On 11 June 2012, the Home Office announced changes to rules governing family migration that will come into force on 9 July 2012. These changes will affect anyone wishing to bring family members from a Non-European Economic Area (Non-EEA) country to the UK.
Transitional arrangements have been put in place to ensure serving members and their families will not immediately be affected by the changes until the Home Office and the MOD have completed a review and implemented changes by April 13 into the impact on the Service Community.
UK tax payer
The Home Office measures are designed to ensure sustainable family migration into the UK which does not become a burden to the UK tax payer. These changes will affect anyone wishing to bring family members from a Non-European Economic Area (Non-EEA) country to the UK.
Serving members of the UK Armed Forces and their families will not immediately be affected by these changes. They will continue to apply under the immigration rules that existed on 8 July 12 as a transitional arrangement.
This transitional arrangement will last until April 13 while the Home Office in conjunction with the MOD review the impact of the changes on the Service Community. Individuals being discharged (or made redundant) after 9 Jul 12 may be affected by the new changes.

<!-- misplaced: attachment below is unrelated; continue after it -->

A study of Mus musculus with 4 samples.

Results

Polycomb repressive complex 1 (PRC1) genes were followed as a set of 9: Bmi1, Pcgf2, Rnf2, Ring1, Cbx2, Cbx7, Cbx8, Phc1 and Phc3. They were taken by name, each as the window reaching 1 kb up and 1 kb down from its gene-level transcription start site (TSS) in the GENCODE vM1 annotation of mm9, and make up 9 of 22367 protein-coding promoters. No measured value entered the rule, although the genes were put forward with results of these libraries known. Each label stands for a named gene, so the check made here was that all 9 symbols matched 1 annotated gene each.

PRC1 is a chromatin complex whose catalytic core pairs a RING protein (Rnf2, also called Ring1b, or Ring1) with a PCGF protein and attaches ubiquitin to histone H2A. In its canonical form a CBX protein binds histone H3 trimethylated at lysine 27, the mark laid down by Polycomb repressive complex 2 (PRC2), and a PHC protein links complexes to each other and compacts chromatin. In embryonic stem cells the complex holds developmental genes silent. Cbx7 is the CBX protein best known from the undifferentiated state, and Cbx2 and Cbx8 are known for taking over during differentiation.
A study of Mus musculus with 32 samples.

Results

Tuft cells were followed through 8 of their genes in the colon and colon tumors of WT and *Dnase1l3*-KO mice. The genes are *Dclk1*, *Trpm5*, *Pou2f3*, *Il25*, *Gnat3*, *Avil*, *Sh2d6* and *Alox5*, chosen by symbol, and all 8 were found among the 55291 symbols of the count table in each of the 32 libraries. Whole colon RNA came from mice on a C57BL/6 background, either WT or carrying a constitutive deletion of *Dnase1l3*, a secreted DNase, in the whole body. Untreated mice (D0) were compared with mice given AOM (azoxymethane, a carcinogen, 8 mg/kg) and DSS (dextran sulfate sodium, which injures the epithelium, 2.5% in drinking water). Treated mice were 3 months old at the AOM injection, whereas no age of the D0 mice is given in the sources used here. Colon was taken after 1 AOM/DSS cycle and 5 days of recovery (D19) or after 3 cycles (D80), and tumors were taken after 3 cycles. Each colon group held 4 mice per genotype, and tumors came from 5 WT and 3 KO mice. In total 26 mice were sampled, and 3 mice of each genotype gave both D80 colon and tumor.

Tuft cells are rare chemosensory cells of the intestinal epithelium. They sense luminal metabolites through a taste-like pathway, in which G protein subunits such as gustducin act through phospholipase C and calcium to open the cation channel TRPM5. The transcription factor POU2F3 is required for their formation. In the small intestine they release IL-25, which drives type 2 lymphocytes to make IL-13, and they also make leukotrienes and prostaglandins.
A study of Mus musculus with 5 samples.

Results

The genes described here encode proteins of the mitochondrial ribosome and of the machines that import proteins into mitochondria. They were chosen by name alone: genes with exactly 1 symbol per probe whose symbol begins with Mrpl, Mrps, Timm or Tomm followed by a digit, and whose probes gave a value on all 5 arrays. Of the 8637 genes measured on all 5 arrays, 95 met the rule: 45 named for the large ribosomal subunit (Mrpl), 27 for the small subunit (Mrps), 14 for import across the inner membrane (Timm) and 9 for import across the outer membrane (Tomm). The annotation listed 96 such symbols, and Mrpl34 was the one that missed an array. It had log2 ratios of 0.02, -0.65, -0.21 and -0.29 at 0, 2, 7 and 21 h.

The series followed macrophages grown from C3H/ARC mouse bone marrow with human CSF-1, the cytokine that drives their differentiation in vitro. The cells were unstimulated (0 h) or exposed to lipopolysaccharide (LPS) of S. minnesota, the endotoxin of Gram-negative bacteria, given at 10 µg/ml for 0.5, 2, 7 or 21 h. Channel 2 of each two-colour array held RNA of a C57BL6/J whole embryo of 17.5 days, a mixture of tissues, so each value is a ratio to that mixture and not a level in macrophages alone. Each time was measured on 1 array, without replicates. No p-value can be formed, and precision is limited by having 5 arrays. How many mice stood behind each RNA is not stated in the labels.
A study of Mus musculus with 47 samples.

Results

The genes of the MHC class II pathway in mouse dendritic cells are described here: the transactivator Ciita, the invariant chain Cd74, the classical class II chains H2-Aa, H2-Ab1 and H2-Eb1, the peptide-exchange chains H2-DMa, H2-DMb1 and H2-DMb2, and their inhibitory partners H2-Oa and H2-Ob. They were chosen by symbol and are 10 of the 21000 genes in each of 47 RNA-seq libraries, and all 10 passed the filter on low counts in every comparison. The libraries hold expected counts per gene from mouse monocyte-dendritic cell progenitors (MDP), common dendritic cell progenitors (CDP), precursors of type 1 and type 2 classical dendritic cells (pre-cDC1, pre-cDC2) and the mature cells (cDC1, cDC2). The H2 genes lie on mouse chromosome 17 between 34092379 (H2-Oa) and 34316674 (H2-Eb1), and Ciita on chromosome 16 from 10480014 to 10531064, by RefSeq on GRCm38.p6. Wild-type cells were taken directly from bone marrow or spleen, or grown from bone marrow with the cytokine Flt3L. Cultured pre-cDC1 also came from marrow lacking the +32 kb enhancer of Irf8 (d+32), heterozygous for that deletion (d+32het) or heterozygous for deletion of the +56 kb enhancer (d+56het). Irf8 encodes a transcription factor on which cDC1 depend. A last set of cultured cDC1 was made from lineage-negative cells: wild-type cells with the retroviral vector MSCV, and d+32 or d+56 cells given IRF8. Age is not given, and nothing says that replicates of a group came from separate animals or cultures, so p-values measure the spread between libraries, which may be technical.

The review will start after 9 July 12 and will take account of the core principles of the Armed Forces Covenant, which are now embodied in legislation. These are “no disadvantage” and “special treatment where appropriate”. The Home Office in conjunction with MOD will consider what, if any, special treatment is appropriate during the review. A further ABN will appear when the results of the review are known.
Those seeking more information can use the information on the UK Border Agency (UKBA) website. If you are in the UK you can telephone the UKBA contact centres. Always use a qualified immigration advisor in the UK these are regulated by the Office of the Immigration Services Commissioner (OISC) and you can search for an advisor on their website.
The Law Societies of England, Wales, Scotland and Northern Ireland and the Institute of Legal Executives can provide a list of law firms who can advise on immigration matters. They cannot provide direct help or advice on visa applications. You can find out more at the DirectGov external link on 'Getting Legal Advice' under sources of information.